Giving back to the community is important to Ray White Commercial Western Sydney, which is why director Peter Vines chose to partner with The Champions’ Nic Newling to share an important message around mental health with high school students.
Mr Vines and Mr Newling, who grew up together on the Northern Beaches, both share a passion for spreading mental health awareness to young people.
After losing his brother to suicide, and suffering his own mental health challenges, Mr Newling started The Champions in 2016 to share his story encourage helpful conversations around mental health, suicide prevention, and getting the most out of life.
Mr Vines said The Champions sent a message which was close to his heart.
“Mental health is a massive issue throughout Australia, and throughout the world, but I think, in particular, it’s a very big issue among our teenagers,” Mr Vines said.
“I think young people are dealing with a whole lot of their own sort of challenges in life and finding out who they are.
“Having had challenging teenage years myself, I thought the work Nic was doing and the message he’s spreading was incredibly important for people to hear.”
Mr Newling travels to schools speaking to students about mental health and the importance of reaching out.
“The message I try to bring to young people is that there’s so much more to mental health and mental illness than what we learn about in health science — there’s real people and real experiences behind those facts and figures,” Mr Newling said.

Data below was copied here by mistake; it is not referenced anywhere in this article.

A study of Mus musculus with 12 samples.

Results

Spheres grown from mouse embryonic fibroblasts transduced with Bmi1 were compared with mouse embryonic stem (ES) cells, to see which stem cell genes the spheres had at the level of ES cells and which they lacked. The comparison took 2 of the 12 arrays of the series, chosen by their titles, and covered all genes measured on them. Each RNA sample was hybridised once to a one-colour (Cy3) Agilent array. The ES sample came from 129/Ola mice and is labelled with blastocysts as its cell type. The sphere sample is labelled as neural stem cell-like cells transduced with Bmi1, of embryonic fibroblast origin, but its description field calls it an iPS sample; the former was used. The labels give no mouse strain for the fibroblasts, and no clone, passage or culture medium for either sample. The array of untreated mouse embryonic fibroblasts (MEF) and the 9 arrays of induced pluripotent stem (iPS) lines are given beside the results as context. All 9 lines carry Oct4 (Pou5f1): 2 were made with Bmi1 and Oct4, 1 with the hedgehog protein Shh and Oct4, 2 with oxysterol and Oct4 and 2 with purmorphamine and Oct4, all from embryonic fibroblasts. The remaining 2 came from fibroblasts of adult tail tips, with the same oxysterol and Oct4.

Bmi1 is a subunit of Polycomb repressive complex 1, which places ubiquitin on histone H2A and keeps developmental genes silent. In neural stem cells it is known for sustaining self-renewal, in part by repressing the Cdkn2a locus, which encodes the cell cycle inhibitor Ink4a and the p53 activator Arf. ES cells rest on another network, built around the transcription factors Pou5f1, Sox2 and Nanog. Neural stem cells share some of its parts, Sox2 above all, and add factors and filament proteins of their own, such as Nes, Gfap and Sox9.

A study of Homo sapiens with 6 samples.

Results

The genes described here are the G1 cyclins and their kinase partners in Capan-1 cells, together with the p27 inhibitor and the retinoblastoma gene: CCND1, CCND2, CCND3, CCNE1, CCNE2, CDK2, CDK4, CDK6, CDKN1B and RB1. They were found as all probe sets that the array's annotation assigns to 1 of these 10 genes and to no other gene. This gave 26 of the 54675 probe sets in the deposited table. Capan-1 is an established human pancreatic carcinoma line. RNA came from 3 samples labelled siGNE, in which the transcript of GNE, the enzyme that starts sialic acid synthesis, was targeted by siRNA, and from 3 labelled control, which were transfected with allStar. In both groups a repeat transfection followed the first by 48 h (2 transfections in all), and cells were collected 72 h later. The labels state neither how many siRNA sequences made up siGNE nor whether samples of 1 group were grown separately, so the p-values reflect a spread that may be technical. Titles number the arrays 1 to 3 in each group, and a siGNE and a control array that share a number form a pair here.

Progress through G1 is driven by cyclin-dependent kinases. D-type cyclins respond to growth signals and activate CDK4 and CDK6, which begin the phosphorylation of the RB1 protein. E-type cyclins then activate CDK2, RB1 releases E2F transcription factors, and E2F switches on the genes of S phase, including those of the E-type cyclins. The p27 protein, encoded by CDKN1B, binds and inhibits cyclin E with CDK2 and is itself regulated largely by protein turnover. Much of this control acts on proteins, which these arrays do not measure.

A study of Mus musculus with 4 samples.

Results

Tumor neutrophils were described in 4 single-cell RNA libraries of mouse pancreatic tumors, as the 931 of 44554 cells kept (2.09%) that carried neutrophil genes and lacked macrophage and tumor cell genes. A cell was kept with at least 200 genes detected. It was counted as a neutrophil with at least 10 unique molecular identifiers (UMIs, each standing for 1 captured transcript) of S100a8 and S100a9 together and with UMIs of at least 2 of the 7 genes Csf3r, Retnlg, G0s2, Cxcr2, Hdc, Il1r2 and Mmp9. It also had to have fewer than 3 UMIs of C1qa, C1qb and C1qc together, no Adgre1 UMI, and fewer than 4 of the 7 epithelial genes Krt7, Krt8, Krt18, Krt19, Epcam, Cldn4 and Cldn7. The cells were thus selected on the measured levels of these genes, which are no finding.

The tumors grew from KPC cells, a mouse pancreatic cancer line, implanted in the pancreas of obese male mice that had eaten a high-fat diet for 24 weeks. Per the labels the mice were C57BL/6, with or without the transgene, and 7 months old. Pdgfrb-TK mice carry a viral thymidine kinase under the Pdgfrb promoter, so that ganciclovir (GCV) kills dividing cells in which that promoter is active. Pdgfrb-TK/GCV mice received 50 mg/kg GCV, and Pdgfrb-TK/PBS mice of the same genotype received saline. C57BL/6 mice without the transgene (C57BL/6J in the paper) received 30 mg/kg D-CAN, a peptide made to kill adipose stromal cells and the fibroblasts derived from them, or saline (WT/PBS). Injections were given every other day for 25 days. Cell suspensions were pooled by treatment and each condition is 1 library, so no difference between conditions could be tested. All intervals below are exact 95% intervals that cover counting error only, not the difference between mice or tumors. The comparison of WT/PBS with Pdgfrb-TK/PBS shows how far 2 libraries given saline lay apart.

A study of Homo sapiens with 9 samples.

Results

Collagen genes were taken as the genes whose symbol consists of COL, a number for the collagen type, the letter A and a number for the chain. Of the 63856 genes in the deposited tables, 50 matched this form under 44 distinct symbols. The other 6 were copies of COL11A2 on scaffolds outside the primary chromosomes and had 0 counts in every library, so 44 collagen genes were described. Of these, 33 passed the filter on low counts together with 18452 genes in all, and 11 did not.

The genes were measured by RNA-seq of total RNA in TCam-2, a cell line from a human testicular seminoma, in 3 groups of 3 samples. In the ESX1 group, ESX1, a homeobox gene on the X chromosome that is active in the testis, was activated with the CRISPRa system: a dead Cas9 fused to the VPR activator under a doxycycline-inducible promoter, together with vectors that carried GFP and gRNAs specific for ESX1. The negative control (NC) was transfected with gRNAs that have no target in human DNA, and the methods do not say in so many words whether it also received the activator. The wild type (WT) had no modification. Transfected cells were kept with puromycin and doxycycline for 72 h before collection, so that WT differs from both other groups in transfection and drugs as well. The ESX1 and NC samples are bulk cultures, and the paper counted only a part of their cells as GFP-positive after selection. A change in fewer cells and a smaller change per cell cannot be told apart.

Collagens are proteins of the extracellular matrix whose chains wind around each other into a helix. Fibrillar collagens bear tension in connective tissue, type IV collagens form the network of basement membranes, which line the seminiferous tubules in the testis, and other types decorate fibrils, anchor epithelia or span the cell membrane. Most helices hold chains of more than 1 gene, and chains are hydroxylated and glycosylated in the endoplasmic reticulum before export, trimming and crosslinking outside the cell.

“I speak about what my experience was like going through school and being someone who was really into the academic side of it, but then, pretty early on in the piece, was sort of torn apart by being mentally quite unwell.
“And for the rest of my schooling years being in and out of hospital, and having to let go of all the things that I really looked forward to, and learning for the first time how to actually get help for all this stuff.
“Then, while all of this was happening, I suddenly lost my brother to suicide and had to grieve and try to learn how to cope — I wouldn’t have managed without support.
“So it’s about telling this story, not sugar-coating it, and discussing what people can do to help themselves and each other.”
Mr Newling said when he was at school and was struggling with his mental health, a lot of the speakers coming to his school were aspirational speakers in the form of Olympians and footy players as opposed to regular people he could relate to.
“They were people who were very much like ‘I climbed a mountain to overcome all these things’ and I sort of thought ‘well that’s not me, I can hardly get out of bed, so I can’t get on board for that’.
“I thought how can we convey that we all go through different stuff in our lives, and it doesn’t make us flawed, or weak or less of a person, it’s just part of human experiences.
“And when things get too much to manage by ourselves, let’s look at getting support through friends, family, and professional support services.”
Mr Vines said he’s funding The Champions to speak at up to 20 more schools every year in the Western Sydney area.
“It’s about participating in and giving back to the community,” he said.
“It’s helping him get Nic to speak at particular schools that might not have the financial means to do it, in the heartland of the area where we conduct all our business.
“The more people he talks to the more people he can potentially change their lives and change the lives of the people around them.”